Being an architect, you’d expect Sean Lockyer ’99, an alumnus of the College of Architecture and the Built Environment and the founding principal of Studio AR&D Architects, to think of buildings as playing the starring role. But it’s not that simple, especially when you slow down to take a close look at the site for a new construction project.

Taking time to stop and sit within the big vistas and to notice each tree and rock and ripple of earth promotes a kind of intimacy. “Oftentimes,” Lockyer notes, “we find that the site becomes more of the star of the show.”

A good example is the Schnabel Family Retreat, which is one of Lockyer’s favorites. Studio AR&D handled all design as well as construction, handcrafted much of the detail, and designed the landscaping.

The building site is an acre of land on a hillside with views of the San Jacinto Mountains rising on one side and the Coachella Valley falling away on the other.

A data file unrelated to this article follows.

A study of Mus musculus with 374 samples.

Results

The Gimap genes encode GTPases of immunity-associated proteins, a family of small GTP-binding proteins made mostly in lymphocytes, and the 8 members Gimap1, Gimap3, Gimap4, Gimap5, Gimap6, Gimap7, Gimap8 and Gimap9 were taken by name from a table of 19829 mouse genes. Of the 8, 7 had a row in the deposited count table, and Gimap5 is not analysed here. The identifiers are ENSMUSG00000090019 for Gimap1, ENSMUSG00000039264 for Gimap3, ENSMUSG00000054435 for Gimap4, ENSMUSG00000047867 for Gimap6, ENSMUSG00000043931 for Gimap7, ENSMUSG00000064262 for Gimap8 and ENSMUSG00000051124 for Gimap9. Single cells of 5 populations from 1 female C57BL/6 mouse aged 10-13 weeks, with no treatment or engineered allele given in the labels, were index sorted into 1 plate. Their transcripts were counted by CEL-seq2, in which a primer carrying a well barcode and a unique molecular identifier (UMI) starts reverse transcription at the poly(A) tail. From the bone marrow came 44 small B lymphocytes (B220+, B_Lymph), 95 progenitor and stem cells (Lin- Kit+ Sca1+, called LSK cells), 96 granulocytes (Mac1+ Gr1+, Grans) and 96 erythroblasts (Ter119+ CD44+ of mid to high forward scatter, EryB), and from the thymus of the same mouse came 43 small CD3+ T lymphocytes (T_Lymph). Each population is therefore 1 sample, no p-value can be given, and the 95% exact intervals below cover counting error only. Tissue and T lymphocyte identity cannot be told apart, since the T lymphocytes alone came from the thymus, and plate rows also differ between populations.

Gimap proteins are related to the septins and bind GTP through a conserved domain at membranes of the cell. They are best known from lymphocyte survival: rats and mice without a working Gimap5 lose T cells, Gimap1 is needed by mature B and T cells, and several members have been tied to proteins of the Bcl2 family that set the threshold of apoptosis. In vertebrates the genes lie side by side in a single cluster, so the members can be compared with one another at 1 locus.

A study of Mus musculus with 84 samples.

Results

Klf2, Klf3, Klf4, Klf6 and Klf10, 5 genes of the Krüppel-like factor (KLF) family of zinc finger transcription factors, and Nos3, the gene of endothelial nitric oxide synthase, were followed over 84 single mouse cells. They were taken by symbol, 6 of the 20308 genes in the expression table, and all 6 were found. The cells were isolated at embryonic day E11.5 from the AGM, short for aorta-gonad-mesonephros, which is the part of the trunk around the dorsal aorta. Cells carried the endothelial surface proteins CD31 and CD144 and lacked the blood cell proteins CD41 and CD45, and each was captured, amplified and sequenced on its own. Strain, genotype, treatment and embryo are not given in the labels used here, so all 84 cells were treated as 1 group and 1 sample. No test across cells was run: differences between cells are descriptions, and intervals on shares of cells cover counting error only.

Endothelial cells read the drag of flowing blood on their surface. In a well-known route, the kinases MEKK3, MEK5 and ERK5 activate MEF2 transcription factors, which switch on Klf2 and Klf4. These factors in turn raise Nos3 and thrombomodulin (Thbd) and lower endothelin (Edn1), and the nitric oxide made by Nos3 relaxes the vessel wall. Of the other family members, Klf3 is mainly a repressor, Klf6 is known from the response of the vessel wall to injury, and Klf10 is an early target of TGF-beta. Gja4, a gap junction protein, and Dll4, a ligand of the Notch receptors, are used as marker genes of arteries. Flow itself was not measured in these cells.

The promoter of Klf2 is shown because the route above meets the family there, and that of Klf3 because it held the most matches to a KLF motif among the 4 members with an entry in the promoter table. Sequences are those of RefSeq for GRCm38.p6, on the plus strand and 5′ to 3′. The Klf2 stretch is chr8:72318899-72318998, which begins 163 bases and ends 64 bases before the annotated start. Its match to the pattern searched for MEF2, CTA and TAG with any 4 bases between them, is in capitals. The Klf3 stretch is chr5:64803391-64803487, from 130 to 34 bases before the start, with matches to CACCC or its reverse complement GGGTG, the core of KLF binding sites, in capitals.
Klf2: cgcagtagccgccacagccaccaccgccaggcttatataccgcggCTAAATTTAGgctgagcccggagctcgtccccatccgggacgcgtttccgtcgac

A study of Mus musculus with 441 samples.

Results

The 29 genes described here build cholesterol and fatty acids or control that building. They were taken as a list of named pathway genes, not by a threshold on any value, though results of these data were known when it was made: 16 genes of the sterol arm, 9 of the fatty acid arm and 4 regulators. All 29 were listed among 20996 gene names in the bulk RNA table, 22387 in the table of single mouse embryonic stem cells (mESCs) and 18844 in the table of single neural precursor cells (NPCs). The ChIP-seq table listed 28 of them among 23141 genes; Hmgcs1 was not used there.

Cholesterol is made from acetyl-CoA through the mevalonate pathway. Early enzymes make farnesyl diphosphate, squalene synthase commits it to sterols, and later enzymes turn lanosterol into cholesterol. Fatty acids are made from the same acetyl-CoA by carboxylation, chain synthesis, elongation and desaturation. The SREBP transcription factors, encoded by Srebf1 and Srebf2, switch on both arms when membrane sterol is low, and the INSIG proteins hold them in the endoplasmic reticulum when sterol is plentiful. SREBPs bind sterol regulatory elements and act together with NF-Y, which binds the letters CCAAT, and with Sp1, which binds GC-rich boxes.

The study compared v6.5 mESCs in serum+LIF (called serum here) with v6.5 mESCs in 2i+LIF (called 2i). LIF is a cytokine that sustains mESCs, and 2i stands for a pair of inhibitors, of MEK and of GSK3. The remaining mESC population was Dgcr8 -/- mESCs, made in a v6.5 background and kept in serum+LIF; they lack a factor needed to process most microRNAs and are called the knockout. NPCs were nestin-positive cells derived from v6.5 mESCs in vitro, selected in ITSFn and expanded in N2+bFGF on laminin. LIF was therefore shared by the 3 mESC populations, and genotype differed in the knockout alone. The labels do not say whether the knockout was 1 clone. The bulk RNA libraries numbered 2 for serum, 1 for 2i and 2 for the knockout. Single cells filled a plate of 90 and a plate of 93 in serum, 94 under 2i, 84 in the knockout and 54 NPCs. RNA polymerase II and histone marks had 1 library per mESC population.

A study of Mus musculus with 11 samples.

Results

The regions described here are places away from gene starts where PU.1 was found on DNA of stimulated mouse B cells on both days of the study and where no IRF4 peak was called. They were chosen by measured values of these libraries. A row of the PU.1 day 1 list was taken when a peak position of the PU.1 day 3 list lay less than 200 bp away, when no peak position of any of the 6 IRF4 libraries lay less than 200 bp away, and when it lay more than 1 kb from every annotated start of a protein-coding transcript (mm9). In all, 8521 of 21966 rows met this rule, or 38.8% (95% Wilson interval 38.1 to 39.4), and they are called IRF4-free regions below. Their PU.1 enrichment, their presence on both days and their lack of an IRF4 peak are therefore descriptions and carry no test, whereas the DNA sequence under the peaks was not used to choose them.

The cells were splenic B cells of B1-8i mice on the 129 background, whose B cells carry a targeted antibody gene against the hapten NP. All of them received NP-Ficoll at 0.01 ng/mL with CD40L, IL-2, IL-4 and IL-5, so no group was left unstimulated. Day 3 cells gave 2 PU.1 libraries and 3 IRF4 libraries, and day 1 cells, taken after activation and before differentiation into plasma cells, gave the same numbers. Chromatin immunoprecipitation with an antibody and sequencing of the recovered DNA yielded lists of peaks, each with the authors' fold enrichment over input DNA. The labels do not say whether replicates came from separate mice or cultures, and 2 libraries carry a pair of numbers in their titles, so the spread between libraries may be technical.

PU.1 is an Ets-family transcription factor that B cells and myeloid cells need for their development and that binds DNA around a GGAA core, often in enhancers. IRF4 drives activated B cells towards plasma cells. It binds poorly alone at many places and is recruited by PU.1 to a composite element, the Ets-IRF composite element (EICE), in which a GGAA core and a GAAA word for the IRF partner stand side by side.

“The site was covered with boulders,” he recalls. “We exported about 6 million pounds of them, and then each boulder that remained, we either picked it up, rotated it, reset it or moved it to the other side of the property, providing a building that flows into the terrain in some places and launches off the hillside in others.”

From the inside, sliding glass walls and doors as well as windows and glass panels frame views of boulders and desert shrubs and trees, or open wide onto big vistas of mountains and valleys. The long glass living room wall is penetrated by massive rocks that are both inside and outside the home and support a giant fireplace.

It’s a style of architecture that brings the great outdoors indoors and erects a building that’s completely at home in the landscape.

The project earned an American Architecture Award in 2016.

Lockyer sums up the direction that he and his team are looking: “We strive for simplicity in materials and form, and then maybe frame something outside like a water feature, a tree or the terrain itself—or sometimes we make a space that’s open to the sky. The building allows those things to sing a bit more and really complement the architecture itself.”